I find it amazing that Iowa plays a role in nominating the president of the United States. Like it or not, it is part of our crazy political history here in the United States. (Winners in Iowa Caucuses often go on to become the nation’s nominee. In the last 20 years only Bill Clinton in ’92 and John McCain in ’08 did not win in their respective Iowa Caucuses.)
Today in history class we had our own Republican caucus. Just one person was excited about that. From others were heard things like:
“Why do I care about the nominees? I’m not old enough to vote.”
“I don’t want to vote for any of them because they have too many commercials on TV!”
“That’s right! I am ready to shoot my television!”
“I’ll vote for Perry because he’s a platypus.”
(If that last one is an inside joke, I missed it.)
Because some of them didn’t know much, the first thing they did was research.
They used two resources, each candidate’s home page and ABC’s Republican Presidential Candidates Guidebook.
Next, they gathered in each part of the room representing their top candidate.
Then, they gave eloquent speeches to try to convince others to join them in supporting their candidate.
“We need someone young.”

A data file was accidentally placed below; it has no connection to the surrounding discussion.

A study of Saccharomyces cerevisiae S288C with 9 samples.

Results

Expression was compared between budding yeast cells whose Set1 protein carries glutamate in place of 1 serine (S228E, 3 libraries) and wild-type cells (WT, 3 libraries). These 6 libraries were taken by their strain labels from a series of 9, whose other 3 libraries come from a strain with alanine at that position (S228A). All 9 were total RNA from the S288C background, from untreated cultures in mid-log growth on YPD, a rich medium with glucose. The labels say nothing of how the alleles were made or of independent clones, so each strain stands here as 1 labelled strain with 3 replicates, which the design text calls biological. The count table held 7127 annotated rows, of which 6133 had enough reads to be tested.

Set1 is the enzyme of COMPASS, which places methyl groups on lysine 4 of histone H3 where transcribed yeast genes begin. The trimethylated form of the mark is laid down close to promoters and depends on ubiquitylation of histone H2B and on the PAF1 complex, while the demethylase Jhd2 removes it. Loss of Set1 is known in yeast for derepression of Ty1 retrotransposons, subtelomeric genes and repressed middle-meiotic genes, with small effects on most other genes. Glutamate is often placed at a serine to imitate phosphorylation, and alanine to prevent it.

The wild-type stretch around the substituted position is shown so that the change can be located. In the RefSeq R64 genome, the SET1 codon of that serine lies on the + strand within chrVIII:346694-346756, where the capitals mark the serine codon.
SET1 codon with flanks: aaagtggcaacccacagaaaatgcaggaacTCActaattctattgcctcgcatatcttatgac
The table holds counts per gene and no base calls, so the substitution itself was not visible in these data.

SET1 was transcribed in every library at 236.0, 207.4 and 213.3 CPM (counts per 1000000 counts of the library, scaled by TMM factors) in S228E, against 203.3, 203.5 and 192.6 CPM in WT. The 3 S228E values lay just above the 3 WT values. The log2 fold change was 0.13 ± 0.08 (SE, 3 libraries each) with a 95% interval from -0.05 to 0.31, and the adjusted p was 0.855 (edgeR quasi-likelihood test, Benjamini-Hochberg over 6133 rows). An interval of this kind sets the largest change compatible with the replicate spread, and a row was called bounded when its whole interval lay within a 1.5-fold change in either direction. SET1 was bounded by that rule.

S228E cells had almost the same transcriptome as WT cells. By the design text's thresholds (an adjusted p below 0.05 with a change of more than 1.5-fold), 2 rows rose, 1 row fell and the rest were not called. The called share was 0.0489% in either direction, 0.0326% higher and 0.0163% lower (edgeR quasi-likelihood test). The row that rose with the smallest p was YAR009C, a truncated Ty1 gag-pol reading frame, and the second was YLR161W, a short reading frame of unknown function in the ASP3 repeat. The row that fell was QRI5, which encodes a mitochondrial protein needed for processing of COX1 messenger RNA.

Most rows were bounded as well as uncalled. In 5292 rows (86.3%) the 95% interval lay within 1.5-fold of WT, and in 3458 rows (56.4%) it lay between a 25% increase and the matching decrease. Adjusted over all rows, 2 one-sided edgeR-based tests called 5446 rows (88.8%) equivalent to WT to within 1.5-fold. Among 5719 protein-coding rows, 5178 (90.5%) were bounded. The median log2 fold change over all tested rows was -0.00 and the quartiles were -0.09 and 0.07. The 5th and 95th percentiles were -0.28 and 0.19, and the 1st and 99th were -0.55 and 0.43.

“Well, Ronald Reagan was older when he was elected.”
“He would pull our troops out of the wars and not be so quick to start wars with other countries.”
“He has a lot of campaign debt. Can’t he raise support?”
“I want to vote for her because I want a woman in the White House and she is against abortion.”
“Most candidates in the GOP are against abortion, but you also need to consider ____________.”
“What’s the GOP?”
(Nice debates, mostly coherent, happened around certain issues that will remain vague here.)
All-in-all, I was very pleased with the depth of discussion by the end of the period. I assigned them homework — watch the news tonight and/or go to the Caucus — students and observers are welcome.
It’s hard to believe that this same group of eighth grade students will be invited to participate in the official 2016 Iowa Caucus, helping to choose the candidates who will run for the president of the United States. (Teachers, we have work to do!)